Osaka brings sunshine to Paris
"Comeback Kid" Rebecca Marino lives up to her nickname at Roland-Garros.
We already knew that Rebecca Marino is a fighter. The Canadian, who quit tennis with mental health issues in 2013 but is now enjoying a hugely inspiring comeback after a five-year absence, was all smiles again on Wednesday after producing an astonishing rearguard action to win her first match at Roland-Garros for eight years.
In a rare display of resilience, the 28-year-old came back from 5-1 down in the final set of her qualifying first-round clash, saving two match points when trailing 5-3, before finally subduing the challenge of Tessah Andrianjafitrimo 6-7(5), 6-4, 7-5 and silencing the packed partisan crowd on Court 14 who found a new heroine in the 20-year-old French wildcard.
It was an emotional afternoon for Marino, who reached the third round here in 2011 as one of the rising stars of the game with a rosy future ahead.
Yet after soaring to No.38 in the world, she was completely burnt out by the age of 22 and had lost her passion for the game to the point where “my own health and happiness was being affected.”
So she decided to take a break, which lasted until the start of last year when she felt she was ready to give her first love another chance and in the 15 months since, she’s risen back from scratch to No.147.
Yet nothing in her comeback so far could quite top this.
“I don’t know how I pulled that out but I’m really happy,” she smiled after her two and three-quarter hour epic.
“It’s kind of nostalgic being here again, the facilities have changed so much, but I’m really pleased to be back, even if it’s just qualifying. I’m happy to enjoy every single point of every single match that I’m back. I hope people see that I’m loving being here - even if I’m struggling sometimes.”
The crowd were too busy to notice Marino’s struggles, screaming “Tessah, Tessah!!” as they got behind the girl from Montpellier who needed a medical time-out in the final set to have her left calf strapped but still seemed in total control as she served for the match at 5-1.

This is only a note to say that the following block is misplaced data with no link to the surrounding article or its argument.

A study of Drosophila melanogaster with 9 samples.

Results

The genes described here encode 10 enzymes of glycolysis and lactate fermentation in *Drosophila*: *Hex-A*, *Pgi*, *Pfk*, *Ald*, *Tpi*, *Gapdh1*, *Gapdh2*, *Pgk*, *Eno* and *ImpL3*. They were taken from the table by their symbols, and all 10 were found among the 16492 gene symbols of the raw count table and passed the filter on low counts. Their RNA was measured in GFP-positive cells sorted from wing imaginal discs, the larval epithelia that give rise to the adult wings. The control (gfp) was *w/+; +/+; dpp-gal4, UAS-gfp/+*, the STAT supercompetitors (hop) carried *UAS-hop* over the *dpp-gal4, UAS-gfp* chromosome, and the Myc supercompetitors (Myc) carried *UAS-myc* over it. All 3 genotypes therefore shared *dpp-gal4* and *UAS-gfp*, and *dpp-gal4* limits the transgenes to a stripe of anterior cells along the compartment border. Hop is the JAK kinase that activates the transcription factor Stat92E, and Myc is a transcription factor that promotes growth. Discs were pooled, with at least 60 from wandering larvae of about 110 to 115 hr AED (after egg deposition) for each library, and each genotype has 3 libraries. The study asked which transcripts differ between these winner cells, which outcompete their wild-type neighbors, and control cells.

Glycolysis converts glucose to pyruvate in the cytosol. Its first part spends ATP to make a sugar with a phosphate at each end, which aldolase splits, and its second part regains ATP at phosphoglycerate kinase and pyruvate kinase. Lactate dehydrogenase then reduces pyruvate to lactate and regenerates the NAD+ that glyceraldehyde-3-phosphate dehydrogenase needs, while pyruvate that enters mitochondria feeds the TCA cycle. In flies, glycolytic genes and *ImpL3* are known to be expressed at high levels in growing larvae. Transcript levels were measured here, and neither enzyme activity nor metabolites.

“I just figure I had nothing to lose and I should just stay calm,” said Marino. “In a weird way, I was telling myself ‘don’t care’ which sounds really wrong but it was more just to get myself to relax. Then I started playing my game.
“I was thinking I came so far to get here from Japan (she had only arrived on Monday following an epic journey from Kurume where she won an ITF tournament last week) and I really had nothing to lose and should just go and play on my terms, don’t worry about anyone was thinking and have fun. That’s why we all play right?”
Right. So, taking more risks than her young opponent, she produced uninhibited thunderbolts to save her match points, and it seemed to sap Andrianjafitrimo’s spirit.
Victory was just another delightful chapter in Marino’s comeback after she had found a new life outside tennis when she took up rowing at the University of British Columbia.
“I think everyone at some point in their life has hardships and mental illness does affect everyone in some aspect. The story with me is I want to show you can get through those hard times with perseverance and you can still enjoy everything in your life,” she explained.
“I want to go through my life not having any regrets which is also why I came back to my tennis. I want everyone to remember me as this happy person that I am now and not that headline I was when I retired.”
Well, that was a fun week in Kurume! 🏆🎉💕🇯🇵 pic.twitter.com/5I4F2pdrrG— Rebecca Marino (@beccamarino90) May 20, 2019
Watson, seeking to make it into the main draw for the eighth time, had a struggle before serving trouble for Dutchwoman Bibiane Schoofs saw the Guernsey player prevail 6-2, 4-6, 6-4.
More surprising, though, was Swan’s emphatic defeat of the No.2 seeded qualifier Jil Teichmann 6-4, 6-2 in just 69 minutes.
The Swiss Teichmann has been in fine form, having recently won her first WTA title in Prague, but she was outplayed by the 20-year-old Swan, who has long been touted as one of Britain’s brightest young hopes.
“Jil’s a great player who’s come in with a lot of confidence, but I’m so happy with the way I played, I really believed in myself right from the start,” said Swan, who was particularly pleased since she has had such little experience on clay.
“I’m definitely more comfortable with the expectation now. It’s tough, especially transitioning from the juniors. I was much more comfortable there; I had a lot of kids around who I was friends with and it’s a tough transition to the pros but I think I’m doing a good job.
“I think it’s great that a lot of us (Britons) are coming up. Katie (Boulter) has done so well over the last couple of years, Jo (Konta) is playing amazing and being part of a winning Fed Cup team has been really inspiring.”